A contractor that was left more than £100,000 out of pocket when a customer cancelled a building project has been awarded damages by the High Court.
The compensation was awarded even though the firm didn’t have a signed contract.
The issue arose after the firm won a tender to build an extension to a house. During negotiations over final pricing, the customer was sent a blank copy of the proposed contract and the JCT Standard Building Contract which included an adjudication agreement. These were never signed.
During pre-contract meetings, a price was agreed, together with a commencement date and a 33-week contract period. The firm attended the site to start work and took delivery of equipment and materials.
However, because of changed circumstances, the customer wanted to put the job on hold and instructed the firm not to proceed. The firm claimed for aborted costs and the adjudicator ruled in its favour.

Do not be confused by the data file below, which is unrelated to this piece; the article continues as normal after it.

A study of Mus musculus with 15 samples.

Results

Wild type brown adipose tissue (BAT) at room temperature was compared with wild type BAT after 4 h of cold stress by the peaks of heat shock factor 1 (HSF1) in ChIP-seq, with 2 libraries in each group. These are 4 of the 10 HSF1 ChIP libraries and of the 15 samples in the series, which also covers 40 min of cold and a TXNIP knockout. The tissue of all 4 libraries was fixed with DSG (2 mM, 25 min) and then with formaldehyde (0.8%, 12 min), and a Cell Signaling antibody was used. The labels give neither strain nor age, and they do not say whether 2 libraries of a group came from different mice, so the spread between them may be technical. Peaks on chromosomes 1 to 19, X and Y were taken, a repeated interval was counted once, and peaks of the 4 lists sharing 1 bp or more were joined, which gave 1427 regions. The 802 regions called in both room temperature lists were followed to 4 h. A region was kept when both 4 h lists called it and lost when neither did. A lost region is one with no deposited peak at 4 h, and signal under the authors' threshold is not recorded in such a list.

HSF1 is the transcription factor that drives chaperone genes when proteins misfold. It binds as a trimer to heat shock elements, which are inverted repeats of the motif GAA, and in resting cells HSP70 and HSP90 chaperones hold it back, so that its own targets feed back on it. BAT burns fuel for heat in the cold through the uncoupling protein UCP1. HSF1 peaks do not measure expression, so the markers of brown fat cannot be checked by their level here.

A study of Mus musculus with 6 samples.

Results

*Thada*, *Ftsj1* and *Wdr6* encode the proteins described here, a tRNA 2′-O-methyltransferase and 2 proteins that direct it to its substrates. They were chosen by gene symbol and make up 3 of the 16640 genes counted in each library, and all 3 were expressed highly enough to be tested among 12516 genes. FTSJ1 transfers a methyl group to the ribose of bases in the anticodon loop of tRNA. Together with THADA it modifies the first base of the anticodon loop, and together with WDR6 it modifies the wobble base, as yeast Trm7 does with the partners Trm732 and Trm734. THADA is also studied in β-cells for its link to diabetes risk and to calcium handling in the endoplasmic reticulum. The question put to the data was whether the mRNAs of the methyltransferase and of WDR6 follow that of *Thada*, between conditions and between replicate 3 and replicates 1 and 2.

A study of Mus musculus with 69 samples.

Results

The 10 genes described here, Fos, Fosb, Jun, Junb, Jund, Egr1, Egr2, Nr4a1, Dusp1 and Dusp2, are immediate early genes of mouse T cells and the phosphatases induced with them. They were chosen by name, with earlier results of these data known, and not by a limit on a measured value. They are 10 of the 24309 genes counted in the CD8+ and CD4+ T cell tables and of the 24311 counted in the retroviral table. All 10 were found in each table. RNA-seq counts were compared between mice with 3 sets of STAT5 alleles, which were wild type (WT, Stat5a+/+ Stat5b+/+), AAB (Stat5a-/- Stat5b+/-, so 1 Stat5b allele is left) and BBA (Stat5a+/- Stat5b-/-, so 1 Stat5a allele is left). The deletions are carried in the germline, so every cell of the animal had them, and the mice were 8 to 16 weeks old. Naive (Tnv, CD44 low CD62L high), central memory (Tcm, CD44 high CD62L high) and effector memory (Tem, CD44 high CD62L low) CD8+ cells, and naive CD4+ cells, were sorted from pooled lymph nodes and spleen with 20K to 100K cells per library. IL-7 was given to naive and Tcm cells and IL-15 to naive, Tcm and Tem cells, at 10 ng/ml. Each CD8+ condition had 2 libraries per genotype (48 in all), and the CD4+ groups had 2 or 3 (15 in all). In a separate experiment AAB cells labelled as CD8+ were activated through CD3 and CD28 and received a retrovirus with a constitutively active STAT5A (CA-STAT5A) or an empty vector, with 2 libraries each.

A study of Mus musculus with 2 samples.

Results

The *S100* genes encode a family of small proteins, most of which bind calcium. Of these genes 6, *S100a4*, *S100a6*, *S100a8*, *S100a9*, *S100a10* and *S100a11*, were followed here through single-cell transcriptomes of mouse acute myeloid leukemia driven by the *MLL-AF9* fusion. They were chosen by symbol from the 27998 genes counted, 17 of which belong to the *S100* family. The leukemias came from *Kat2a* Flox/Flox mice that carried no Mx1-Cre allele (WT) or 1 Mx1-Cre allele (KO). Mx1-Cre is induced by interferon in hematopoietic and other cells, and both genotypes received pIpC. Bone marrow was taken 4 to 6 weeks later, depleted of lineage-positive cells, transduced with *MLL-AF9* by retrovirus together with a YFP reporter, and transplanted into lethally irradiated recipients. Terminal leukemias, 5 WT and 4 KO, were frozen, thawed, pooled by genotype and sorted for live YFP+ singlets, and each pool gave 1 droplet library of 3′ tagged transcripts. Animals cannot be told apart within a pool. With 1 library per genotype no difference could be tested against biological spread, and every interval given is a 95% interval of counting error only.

The customer claimed that no contract had been agreed so the adjudicator had no power to make such a decision.
The High Court ruled in favour of the firm. It said that in deciding such matters, the court had to apply an objective test as to whether the sides had to all outward appearances reached an agreement. That certainly appeared to be the case in this instance.
The judge said: “By their words and conduct the parties had reached a binding agreement on the essential terms of a contract, including as to scope, commencement and completion, contract sum, payment mechanism, the mechanism for change, valuation procedures and on the terms of the JCT form.”
The customer was therefore liable to pay the firm £104,852 to cover its costs and lost profits.